Alcoholism is a killer. I know it’s ironic to write that statement on a blog I started to talk about wine tasting and wine pairing recipes. (And I do want to get back to the original purpose of this blog – and I will.) But I’ve watched too many people throw away lives on alcohol, and there can be a very fine line between drinking irresponsibly from time-to-time and outright alcohol addiction.
I hate to admit that I can relate to Nancy Stearns Bercaw’s story in Dryland. But I can, a little bit. When I was a philosophy major, when I was a philosophy grad student working on my Ph.D., I knew who I was. It was easy. I was a single mom and a philosopher. Those two things kept coming to a head, though, and eventually, I made made a decision to leave graduate school and pursue another path.
At first, it was “easy.” I threw myself into an unhealthy relationship head first, I started writing professionally, I mommed so hard. That relationship came to a head, and I got safe. Writing took off for me in a big way around the same time. Life hasn’t slowed down since. I met the love of my life, got married, had three more kids, sent the big guy off to college, and I feel like it’s been a total whirlwind! In fact, it can feel like I’m flailing about trying to regain balance and figure out who I am as mom of four. I can see where someone might turn to alcohol to escape the deep existential questions that come up when you’re trying to find a new “box” for yourself. Especially when everything has happened so quickly – even when that “everything” is all good stuff.
Of course, because I’m breastfeeding, and because with three people under the age of four you always have to be on, I drink very, very rarely.
For Bercaw, though, once she left the swimming lanes, she wasn’t quite sure who she was. She fell into the alcoholic spiral and became dependent on the drug to handle life. It isn’t until she realizes that things are out of control that she starts to reign it in and that’s where her memoir Dryland, comes into play. It’s at times a tough book to read but at the same time, it’s worth making the journey through the book with Bercaw’s words.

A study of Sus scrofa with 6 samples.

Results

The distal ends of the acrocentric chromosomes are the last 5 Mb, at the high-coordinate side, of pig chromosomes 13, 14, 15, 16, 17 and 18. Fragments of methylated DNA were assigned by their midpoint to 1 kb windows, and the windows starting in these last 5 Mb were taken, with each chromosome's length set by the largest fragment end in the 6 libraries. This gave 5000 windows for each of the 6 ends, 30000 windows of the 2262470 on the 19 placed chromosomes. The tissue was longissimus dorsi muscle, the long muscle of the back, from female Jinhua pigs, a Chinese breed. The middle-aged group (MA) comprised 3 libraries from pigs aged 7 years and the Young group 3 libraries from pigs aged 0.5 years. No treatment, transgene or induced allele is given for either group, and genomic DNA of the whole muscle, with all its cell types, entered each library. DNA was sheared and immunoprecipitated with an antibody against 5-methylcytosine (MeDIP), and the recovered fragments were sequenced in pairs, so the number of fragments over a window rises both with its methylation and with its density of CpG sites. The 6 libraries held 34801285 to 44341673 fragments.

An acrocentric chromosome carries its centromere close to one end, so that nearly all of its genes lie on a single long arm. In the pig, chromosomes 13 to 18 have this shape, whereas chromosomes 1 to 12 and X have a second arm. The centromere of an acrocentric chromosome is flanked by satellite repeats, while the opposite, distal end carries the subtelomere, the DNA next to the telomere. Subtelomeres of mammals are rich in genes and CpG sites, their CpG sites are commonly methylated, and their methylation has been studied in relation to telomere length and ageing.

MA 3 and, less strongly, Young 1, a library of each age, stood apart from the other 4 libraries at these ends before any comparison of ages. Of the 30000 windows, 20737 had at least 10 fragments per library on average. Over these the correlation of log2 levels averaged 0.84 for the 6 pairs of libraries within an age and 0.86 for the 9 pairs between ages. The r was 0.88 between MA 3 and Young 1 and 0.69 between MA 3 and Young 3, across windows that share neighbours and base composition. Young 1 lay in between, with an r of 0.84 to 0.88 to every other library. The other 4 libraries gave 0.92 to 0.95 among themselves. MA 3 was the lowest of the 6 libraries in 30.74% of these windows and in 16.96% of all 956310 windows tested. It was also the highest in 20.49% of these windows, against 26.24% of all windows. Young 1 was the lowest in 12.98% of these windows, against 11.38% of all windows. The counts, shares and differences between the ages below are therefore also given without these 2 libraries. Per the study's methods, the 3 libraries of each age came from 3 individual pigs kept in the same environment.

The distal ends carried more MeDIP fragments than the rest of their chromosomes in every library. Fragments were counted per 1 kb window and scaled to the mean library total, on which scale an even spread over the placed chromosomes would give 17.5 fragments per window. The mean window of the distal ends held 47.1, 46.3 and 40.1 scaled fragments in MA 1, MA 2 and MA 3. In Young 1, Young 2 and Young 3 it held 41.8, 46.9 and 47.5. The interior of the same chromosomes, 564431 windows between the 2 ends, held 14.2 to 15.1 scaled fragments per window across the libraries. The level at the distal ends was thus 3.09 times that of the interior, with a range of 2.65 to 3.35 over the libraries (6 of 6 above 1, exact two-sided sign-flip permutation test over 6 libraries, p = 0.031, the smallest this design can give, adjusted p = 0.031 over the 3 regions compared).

• Paperback: 256 pages
• Publisher: Grand Harbor Press (April 18, 2017)
For swimming champion Nancy Stearns Bercaw, the pool was a natural habitat. But on land, she could never shake the feeling of being a fish out of water. Starting at age two, Nancy devoted her life to swimming, even qualifying for the 1988 Olympic Trials in the fifty-meter freestyle event. But when she hung up her cap and goggles after college, she was confronted with a different kind of challenge: learning who she was out of the lanes.
In this honest, intimate memoir, Nancy reflects on her years wandering the globe, where tragic events and a lost sense of self escalate her dependence on booze. Thirty-three years after her first sip of alcohol, the swimmer comes to a stunning realization while living with her husband and son in Abu Dhabi—she’s drowning in the desert. Nancy looks to the Bedouin people for the strength to conquer one final opponent: alcohol addiction.
“A brave, honest, adventurous memoir that keeps you turning pages as Bercaw travels around the world and rediscovers what it really means to win…at life.” —Leigh Newman, author of Still Points North
About Nancy Stearns Bercaw
Writer and national champion swimmer Nancy Stearns Bercaw is a seventeen-time NCAA All-American athlete and was inducted into the University of South Florida’s Athletic Hall of Fame in 2009. Her writing has appeared in publications around the world, including the New York Times, the Huffington Post, the Korea Herald, U.S. News & World Report, Abu Dhabi’s Tempo magazine, and ScaryMommy.com. In addition to Dryland: One Woman’s Swim to Sobriety, she is the author of Brain in a Jar: A Daughter’s Journey Through Her Father’s Memory and a contributor to Chicken Soup for the Soul: Living with Alzheimer’s and Other Dementias. She lives in Vermont with her husband and son.